What do you really need to know about gestational diabetes

Gestational diabetes may develop in women who don’t already have diabetes but are going through a pregnancy.

By Angela Chavez



Gestational diabetes may develop in women who don’t already have diabetes but are going through a pregnancy. Each year, around 2% to 10% of pregnant women in the country are affected by this disorder. Thankfully, gestational diabetes can be managed, ensuring that your pregnancy comes along smoothly along with a healthy baby.

What Is Gestational Diabetes?

This condition results in higher blood sugar levels during pregnancy and tends to affect only pregnant women who have never been diagnosed with diabetes. It comes in two forms — women in class A1 will be able to manage their condition through exercise and diet.

Those with class A2 gestational diabetes will need to take medication and insulin. The good news is that it will go away after birth, but it does have the chance to affect your baby’s health while raising your risk for type 2 diabetes in your later years.

What Causes Gestational Diabetes?

This disorder occurs when the body can’t produce enough insulin during pregnancy. Insulin is a hormone created in the pancreas which helps the body use glucose and helps to control glucose levels in the blood. Because the body creates more hormones and goes through various changes like gaining weight, it causes the use of insulin to become ineffective.

As a result, the body is unable to use insulin correctly which may lead to insulin resistance. While this happens to every pregnant woman, most will be able to produce enough insulin, but some may start their pregnancy with a higher need for insulin. These are women who are more likely to get gestational diabetes.

Risk Factors in Gestational Diabetes

A pregnant woman who can’t make enough insulin in the late stages of her pregnancy will be likely to develop gestational diabetes. Moreover, overweight or obese patients may also be connected to gestational diabetes. Overweight or obese women may already have high resistance to insulin at the start of their pregnancy, which makes them more susceptible to it.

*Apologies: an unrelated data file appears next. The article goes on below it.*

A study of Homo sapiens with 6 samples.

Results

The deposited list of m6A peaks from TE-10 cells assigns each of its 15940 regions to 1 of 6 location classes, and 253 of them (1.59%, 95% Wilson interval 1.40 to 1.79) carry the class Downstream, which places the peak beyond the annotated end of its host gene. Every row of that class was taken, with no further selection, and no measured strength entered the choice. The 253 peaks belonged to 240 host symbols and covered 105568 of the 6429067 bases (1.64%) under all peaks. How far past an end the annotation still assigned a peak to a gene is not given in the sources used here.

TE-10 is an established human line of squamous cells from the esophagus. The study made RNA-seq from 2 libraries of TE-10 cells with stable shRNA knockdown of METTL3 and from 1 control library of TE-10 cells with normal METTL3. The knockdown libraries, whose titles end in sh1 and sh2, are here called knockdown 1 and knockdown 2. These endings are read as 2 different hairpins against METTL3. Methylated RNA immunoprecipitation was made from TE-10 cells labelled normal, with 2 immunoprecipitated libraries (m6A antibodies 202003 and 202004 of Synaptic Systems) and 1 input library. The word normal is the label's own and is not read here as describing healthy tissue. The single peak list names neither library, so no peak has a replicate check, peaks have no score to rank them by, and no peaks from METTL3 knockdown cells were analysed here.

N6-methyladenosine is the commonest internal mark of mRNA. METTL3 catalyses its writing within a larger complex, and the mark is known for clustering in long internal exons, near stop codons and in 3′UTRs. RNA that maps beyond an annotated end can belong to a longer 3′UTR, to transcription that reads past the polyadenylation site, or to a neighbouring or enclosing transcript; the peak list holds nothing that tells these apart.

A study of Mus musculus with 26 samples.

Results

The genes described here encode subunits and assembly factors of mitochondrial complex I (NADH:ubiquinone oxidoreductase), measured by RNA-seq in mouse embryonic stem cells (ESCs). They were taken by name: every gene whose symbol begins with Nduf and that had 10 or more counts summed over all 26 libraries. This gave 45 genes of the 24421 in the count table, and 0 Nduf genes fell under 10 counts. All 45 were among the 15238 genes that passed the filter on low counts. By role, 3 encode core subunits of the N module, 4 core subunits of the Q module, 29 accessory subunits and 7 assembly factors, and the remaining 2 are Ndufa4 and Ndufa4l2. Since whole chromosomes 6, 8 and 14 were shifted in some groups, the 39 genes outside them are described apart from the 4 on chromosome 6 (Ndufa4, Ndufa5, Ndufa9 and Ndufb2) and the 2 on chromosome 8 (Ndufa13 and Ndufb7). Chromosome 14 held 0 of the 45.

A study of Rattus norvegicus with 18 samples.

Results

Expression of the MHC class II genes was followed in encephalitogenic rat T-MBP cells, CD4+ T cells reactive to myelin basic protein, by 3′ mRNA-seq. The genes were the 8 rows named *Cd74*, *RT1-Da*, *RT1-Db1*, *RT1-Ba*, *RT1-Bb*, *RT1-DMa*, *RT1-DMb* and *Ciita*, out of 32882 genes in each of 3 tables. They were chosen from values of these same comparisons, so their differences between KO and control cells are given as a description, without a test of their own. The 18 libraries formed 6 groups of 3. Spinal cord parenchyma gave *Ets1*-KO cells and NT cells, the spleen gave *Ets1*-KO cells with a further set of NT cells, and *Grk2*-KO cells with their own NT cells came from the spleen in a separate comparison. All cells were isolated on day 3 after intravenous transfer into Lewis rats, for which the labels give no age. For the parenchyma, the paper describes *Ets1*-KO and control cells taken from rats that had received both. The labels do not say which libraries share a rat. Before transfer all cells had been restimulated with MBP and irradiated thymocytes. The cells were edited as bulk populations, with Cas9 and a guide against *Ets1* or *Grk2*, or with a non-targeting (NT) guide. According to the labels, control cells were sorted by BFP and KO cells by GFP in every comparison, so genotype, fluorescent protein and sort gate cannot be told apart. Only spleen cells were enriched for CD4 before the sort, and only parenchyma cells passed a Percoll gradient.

Similarly, gaining a lot of weight during your pregnancy could also be a factor. Furthermore, having a history of diabetes in the family could make it more likely for you to develop gestational diabetes. This suggests that genetics may play a role, but these are the key factors that could determine the likelihood of getting gestational diabetes:

  • You were overweight before getting pregnant
  • Are Asian, African-American, Alaska Native, Hispanic, Native American, or Pacific Islander.
  • Have someone in the family with diabetes
  • You’ve had gestational diabetes before
  • You’ve had a miscarriage
  • You have prediabetes blood sugar levels (these are classified as being higher than they should be but not as high as required to have diabetes).
  • You have heart disease, high cholesterol, high blood pressure, or other medical complications
  • You have polycystic ovary syndrome (PCOS) or a different health condition related to insulin problems
  • You have given birth to a stillborn baby or a baby with particular birth defects
  • You have given birth to a big baby that weighs over 9 pounds
  • You are older than 25

Gestational Diabetes Can Be Treated

Gestational diabetes can develop in pregnant women who have too much glucose in their system but can be diagnosed in the middle of their pregnancy through a few blood tests. It shouldn’t be left untreated because it can bring health complications for both the baby and the mother. Most women will be able to manage their condition with exercise and diet, while some will need medication. Be sure to talk to your healthcare provider for ways to reduce your risk of diabetes during your pregnancy journey.